Businesswoman with a laptop suffering from carpal tunnel syndrome - isolated over a white background

What Is Carpal Tunnel Syndrome?

Carpal Tunnel Syndrome (CTS) is the occupational disease of the 21st century. Do you have it? You may if you have one or more of the following: tingling and numbness in the hand, fingers and wrist; swelling of the fingers; dry palms; blanching (whitening upon pressure) of the hand; or pain so intense that it awakens you at night. In some people CTS causes similar symptoms in the upper arm, elbow, shoulder or neck.1-2

This condition is increasingly common and causing lots of days off from work. Millions of people now suffer from CTS3 and increasing numbers of them are seeking chiropractic care. The drug-free chiropractic approach of releasing stress and freeing your body of subluxations has been a blessing to millions afflicted with this condition.

Where Is The Carpal Tunnel?

You won’t find the carpal tunnel on any map—it’s in your wrist. Your carpal (wrist) bones form a tunnel-like structure—the carpal tunnel—through which pass nine tendons and one nerve—the median nerve. CTS (also called occupational neuritis, partial thenar atrophy and median neuritis) occurs when the median nerve is irritated.

Who Gets CTS?

typingJust about anyone can get CTS. Years ago telegraph operators, seamstresses, carpenters and meat cutters Blue-collar-mechanicwere the chief sufferers from this condition. Today it’s office workers, computer users, musicians and assembly line workers (among others) who are more prone to it. Fractures, a fall on the hand or poorly designed and/or vibrating hand tools may damage the palm of the hand and also cause CTS. Other causes are rheumatoid or osteoarthritis, Paget’s disease, multiple myeloma, acromegaly and gout. It is often found in pregnant women, women who use birth control pills or individuals with an underactive thyroid.

Thoracic Outlet Syndrome

Thoracic outlet syndrome (TOS) is a similar condition caused by compression or irritation of the nerves that form the brachial plexus (in the upper back) as they exit the neck. The symptoms include pain, weakness and numbness or tingling in the arm.4 Interestingly, some researchers believe that the hips and lower spine (sacroiliac) play a role in the cause while others feel an abnormal thoracic (mid-back) curve is the cause.5

The Orthodox Medical Approachbrace

The medical approach to CTS is to stop using the wrist in the same way by wearing a splint (wrist immobilization). Resting the wrist has worked for many people. In others, ice or drugs such as anti-inflammatories or diuretics were also used.6-7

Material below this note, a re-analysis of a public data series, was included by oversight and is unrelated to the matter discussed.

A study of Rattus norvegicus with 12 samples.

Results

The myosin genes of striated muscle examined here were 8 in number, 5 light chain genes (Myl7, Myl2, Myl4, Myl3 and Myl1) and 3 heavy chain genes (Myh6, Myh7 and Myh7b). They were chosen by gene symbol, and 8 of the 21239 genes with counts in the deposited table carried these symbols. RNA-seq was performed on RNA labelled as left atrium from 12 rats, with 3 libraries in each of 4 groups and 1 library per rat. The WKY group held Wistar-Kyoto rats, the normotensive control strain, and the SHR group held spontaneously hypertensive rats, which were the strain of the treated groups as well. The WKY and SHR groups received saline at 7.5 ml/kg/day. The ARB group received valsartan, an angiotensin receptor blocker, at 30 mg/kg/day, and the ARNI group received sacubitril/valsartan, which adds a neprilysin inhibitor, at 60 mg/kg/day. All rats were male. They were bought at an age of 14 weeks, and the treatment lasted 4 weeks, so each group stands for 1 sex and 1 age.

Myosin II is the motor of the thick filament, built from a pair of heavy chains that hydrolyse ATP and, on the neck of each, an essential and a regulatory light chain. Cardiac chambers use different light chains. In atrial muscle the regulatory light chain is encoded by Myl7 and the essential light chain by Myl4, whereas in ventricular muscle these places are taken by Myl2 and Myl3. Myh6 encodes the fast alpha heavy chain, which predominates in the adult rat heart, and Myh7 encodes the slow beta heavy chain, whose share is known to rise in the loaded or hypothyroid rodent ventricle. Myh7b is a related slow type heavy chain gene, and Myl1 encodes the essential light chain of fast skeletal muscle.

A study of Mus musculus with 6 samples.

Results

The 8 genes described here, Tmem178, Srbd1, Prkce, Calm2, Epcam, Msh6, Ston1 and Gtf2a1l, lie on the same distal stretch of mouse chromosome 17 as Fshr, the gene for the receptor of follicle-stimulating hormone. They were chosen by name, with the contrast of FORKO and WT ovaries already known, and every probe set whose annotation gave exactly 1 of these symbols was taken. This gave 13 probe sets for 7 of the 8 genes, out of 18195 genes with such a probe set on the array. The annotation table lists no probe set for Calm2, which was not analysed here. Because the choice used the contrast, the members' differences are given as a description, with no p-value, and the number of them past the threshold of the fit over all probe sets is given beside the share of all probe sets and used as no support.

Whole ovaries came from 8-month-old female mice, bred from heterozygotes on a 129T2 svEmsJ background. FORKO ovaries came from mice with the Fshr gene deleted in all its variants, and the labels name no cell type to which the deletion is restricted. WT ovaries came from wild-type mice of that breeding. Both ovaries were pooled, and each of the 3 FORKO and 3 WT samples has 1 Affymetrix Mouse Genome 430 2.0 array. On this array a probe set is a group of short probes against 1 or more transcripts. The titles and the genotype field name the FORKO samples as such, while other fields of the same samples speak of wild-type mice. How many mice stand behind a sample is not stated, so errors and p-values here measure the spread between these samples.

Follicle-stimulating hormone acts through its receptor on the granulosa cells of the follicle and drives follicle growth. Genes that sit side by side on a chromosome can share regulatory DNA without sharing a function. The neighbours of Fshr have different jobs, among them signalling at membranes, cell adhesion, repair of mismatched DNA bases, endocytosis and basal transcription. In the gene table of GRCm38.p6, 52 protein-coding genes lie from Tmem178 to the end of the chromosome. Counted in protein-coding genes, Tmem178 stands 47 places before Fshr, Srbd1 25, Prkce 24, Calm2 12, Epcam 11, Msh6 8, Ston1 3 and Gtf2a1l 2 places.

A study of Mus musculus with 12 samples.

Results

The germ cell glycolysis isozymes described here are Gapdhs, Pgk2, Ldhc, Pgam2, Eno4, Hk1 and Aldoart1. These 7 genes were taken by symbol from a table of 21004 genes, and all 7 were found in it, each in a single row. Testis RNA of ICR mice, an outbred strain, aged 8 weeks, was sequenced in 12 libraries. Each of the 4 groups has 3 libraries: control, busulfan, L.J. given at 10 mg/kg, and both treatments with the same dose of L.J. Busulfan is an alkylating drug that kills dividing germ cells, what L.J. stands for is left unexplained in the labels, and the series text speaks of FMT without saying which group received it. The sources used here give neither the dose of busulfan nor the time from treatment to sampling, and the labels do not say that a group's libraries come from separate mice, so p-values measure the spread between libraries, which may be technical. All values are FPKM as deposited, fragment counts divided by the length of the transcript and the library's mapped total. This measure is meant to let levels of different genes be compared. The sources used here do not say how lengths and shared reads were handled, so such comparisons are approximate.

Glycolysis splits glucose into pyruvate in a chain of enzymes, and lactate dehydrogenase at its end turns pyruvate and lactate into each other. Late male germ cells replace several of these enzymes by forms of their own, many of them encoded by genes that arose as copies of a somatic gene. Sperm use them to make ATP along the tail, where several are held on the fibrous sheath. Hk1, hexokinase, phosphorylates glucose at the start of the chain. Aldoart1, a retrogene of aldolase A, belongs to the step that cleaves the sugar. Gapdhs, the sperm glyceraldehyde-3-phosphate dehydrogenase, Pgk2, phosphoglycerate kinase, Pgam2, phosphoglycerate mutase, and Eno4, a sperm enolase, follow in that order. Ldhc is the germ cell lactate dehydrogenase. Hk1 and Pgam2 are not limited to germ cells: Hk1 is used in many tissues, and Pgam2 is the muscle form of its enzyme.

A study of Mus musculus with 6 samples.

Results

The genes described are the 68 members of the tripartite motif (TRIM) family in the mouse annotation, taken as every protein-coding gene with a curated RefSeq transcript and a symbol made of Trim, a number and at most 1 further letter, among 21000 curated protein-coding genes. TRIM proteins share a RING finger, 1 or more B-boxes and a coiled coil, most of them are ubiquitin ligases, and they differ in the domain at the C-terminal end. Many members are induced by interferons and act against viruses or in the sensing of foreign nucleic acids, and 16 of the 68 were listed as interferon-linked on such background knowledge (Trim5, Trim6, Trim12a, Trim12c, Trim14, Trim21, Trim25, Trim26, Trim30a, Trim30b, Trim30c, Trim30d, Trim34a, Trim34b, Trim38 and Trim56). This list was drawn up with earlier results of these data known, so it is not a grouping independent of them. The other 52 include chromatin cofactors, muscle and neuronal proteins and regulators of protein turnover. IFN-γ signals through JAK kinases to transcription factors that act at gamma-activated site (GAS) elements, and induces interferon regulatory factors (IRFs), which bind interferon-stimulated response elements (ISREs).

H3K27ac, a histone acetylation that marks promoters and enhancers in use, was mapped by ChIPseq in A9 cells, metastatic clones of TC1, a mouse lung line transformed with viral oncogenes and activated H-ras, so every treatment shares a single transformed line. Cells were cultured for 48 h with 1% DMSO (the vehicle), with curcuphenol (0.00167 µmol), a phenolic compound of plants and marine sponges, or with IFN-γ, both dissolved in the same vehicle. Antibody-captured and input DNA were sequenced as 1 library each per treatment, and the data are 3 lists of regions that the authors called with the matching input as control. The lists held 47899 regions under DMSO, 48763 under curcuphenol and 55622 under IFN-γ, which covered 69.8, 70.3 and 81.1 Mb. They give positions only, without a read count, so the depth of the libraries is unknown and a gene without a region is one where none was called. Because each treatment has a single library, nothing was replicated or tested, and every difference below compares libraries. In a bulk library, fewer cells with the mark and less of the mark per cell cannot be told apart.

In those with persistent symptoms, corticosteriods may be injected into the crease in the hand near the wrist which may provide relief. This approach however has a high relapse rate (and many side effects). As many as 500,000 operations a year are performed for CTS8 and recovery from such surgery may take up to several months.9

Limitations of standard medical care led the late Robert Mendelsohn, MD to state: Since the medical treatment for this condition is so often unsatisfactory, I have for years been recommending that my patients consult experts in muscle and joint therapy.10

ch321The Chiropractic Approach

Since most people who do repetitive tasks do not get CTS there appears to be a contributing factor to this condition. In many people the main problem may be the health of the structural system and that is why anyone suffering from CTS should see a chiropractor to ensure that his/her spinal column and structural system are properly aligned and free from nerve pressure.
Look closely at a musician, office worker, computer user or anyone suffering from CTS. You’ll see that not only are the wrists being used to perform the tasks, the neck and entire spinal column are also involved in the activities.11
For over a hundred years clinicians, researchers and patients have reported relief from classic carpal tunnel symptoms and improvement in overall body function after chiropractic adjustments.12-14

How Does Your Spine Affect Carpal Tunnel Syndrome?Proficient_Chiropractic_Carpal_Tunnel-2b

Subluxations have been observed in many patients who have carpal tunnel or related hand and wrist problems.15-16 In fact, nerve compression in the neck can block the flow of nutrients to the nerves in the arm, shoulder, wrist and related areas, and make them more susceptible to injury (this is called the double crush syndrome).17-18
Not surprisingly, when 1,000 cases of carpal tunnel syndrome were investigated it was found that a large number of those suffering from CTS also had neck arthritis.19


Anyone suffering from carpal tunnel syndrome should see a chiropractor to ensure that their body is free of subluxations. Chiropractic is not a treatment for carpal tunnel syndrome but is a way of rebalancing the body
and removing structural stress from the nervous system.
A chiropractic adjustment may make the difference. It has for millions of people since its discovery in 1895. Can chiropractic make the difference for you?

To be evaluated at Performance Chiropractic, call us at (661) 942-5000.


    3. Bongers FJ, Schellevis FG et al. Carpal tunnel syndrome in general practice (1987 and 2001): incidence and the role of occupational and non-occupational factors. Br J Gen Pract. 2007:36–39.
    16. Russell BS. Carpal tunnel syndrome and the “double crush” hypothesis: a review and implications for chiropractic. Chiropractic & Osteopathy. 2008;16(2):1186.
    17. Czaplak S. Impaired axoplasmic transport and the double crush syndrome: food for chiropractic thought. Clinical Chiropractic. January 1993;8-9.
    18. Nemoto K et al. The double lesion neuropathy: an experimental study and clinical cases. Abstract 123, 2nd. Int’l. Congress. Boston, MA, October 1983.
    19. Hurst LC et al. The relationship of the double crush syndrome (an analysis of 1,000 cases of carpal tunnel syndrome). J Hand Surg. 1985;10B:202.